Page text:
4 Smart Moves to Keep Your Sight Sharp, According to Research – EatingWell


More than 25 million Americans age 40 and above are affected by cataracts, glaucoma or age-related macular degeneration—the three most common eye diseases. And the vast majority of us will develop one or more of them later in our lives. "But these conditions, which are the leading causes of vision loss and blindness in the U.S., are preventable if you take action early," says Rudrani Banik, M.D., a neuro-ophthalmologist at New York Eye and Ear Infirmary of Mount Sinai in New York City. Along with regular eye exams (the American Optometric Association recommends low-risk adults get an eye exam every two years, then yearly after age 64), try these lifestyle moves that keep your sight sharp.
Related: 8 Best Foods for Eye Health, According to a Dietitian
In a population study of more than 2,800 adults age 50 and older published in the American Journal of Clinical Nutrition, those who reported eating at least one orange a day had a 58% reduced risk of developing age-related macular degeneration over a 15-year period compared to those who never noshed the fruit. AMD is a disease that degrades central vision, resulting in blurriness when reading and driving, and is a primary cause of vision loss among adults over age 50. The researchers point to the flavonoids in oranges, which fight sight-degrading oxidative damage and protect blood vessel function—important for bringing nutrients and oxygen to your eyes. Plus, they're excellent sources of vitamin C, a nutrient that plays a role in the formation of collagen proteins that make up the structures of the eyes.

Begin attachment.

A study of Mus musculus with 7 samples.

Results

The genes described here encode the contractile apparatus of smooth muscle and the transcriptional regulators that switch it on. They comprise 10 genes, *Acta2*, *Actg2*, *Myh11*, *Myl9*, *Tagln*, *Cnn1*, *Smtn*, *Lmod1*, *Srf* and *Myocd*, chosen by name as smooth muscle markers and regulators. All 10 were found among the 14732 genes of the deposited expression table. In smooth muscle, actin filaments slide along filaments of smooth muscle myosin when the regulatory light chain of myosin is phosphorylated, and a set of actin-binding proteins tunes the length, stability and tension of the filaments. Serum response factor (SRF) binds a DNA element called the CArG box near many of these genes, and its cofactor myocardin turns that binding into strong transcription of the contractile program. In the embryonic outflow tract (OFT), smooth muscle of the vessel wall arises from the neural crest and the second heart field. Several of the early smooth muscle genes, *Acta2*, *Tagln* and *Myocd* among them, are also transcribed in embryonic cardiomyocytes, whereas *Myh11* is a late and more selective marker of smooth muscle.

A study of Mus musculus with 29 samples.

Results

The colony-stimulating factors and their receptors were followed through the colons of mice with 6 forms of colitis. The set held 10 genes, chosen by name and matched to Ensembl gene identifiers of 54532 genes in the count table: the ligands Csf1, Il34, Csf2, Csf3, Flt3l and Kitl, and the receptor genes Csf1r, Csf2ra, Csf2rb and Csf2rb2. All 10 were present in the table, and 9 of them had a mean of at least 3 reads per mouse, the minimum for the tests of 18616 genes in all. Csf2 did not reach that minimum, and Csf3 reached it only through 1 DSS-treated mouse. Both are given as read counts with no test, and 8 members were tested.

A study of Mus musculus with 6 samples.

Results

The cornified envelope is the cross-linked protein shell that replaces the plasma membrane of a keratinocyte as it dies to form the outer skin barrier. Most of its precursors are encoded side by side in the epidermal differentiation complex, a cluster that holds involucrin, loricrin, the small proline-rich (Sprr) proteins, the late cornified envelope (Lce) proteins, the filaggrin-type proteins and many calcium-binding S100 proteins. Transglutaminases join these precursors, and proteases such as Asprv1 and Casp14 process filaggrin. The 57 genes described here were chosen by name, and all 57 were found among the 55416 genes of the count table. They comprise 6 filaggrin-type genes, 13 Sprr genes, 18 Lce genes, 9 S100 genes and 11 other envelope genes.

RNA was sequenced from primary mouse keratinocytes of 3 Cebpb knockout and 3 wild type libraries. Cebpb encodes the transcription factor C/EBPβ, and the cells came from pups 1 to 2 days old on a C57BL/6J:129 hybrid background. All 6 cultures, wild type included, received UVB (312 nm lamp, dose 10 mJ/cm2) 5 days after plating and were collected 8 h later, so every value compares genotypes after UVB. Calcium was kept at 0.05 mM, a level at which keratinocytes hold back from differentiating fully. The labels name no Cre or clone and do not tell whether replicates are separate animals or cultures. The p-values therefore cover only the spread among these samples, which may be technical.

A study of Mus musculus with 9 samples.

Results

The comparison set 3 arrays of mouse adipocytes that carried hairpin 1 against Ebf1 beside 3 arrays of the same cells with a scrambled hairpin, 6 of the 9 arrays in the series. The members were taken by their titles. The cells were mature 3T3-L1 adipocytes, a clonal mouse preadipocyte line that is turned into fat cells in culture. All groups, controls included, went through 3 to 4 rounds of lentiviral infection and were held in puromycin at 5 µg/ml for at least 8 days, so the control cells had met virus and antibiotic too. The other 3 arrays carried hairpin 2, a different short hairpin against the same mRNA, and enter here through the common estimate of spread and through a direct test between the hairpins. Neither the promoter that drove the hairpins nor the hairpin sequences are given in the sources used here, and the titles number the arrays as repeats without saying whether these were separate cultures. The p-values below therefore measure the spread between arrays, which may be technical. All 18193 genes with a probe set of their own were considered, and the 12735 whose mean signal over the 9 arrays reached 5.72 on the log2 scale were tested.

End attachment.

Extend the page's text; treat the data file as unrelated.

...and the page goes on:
Carotenoids, a group of compounds that includes lutein, zeaxanthin and meso-zeaxanthin, are found inside your retina—the part of your eye that sends signals to your brain, producing vision. "These compounds protect against free radical damage and neutralize harmful UV light from the sun and blue light from electronic devices," says Banik. So eating carotenoid-rich foods—like kale, chard, spinach and other leafy greens—protects retinal health. These veggies are also good sources of nitrates, and diets high in nitrates have been linked to as much as a 39% lower incidence of developing AMD compared to diets low in them, as nitrates may bolster blood vessel function, according to a study from the University of Sydney in Australia.
Any type of fish you like will do, thanks to the polyunsaturated fats all varieties contain, says Sheldon Rowan, Ph.D., a scientist on the nutrition and vision team at the USDA Human Nutrition Research Center on Aging at Tufts University in Boston. Eating fish twice a week was associated with a 24% lower risk of AMD, according to a study in the American Journal of Ophthalmology. Bonus for choosing fish such as salmon, herring, mackerel and tuna that are also high in omega-3 fatty acids, notably DHA and EPA, that safeguard eyes from light, oxidation and inflammation damage. Rowan adds that it's likely the healthy fats in fish and other nutrients like carotenoids interact together to confer the benefit. Meaning: Eating fish may be better than popping an omega-3 supplement.
Related: I Just Found Out I Have Dry Eyes—Here Are 5 Things That Have Helped Me
The amount of weekly exercise the Centers for Disease Control and Prevention recommends (75 to 150 minutes, depending on intensity) is not just the goal for maintaining a healthy weight and staving off chronic diseases. A 2018 study published in Medicine & Science in Sports & Exercise showed it also delayed the development of glaucoma, damage of the optic nerve that can slowly and silently progress, leading to blindness without proper treatment. Adults who hit those fitness targets were 51% less likely to get glaucoma. And other research has found that daily movement guarded against cataracts and AMD. The future looks bright. (Don't forget your sunglasses!)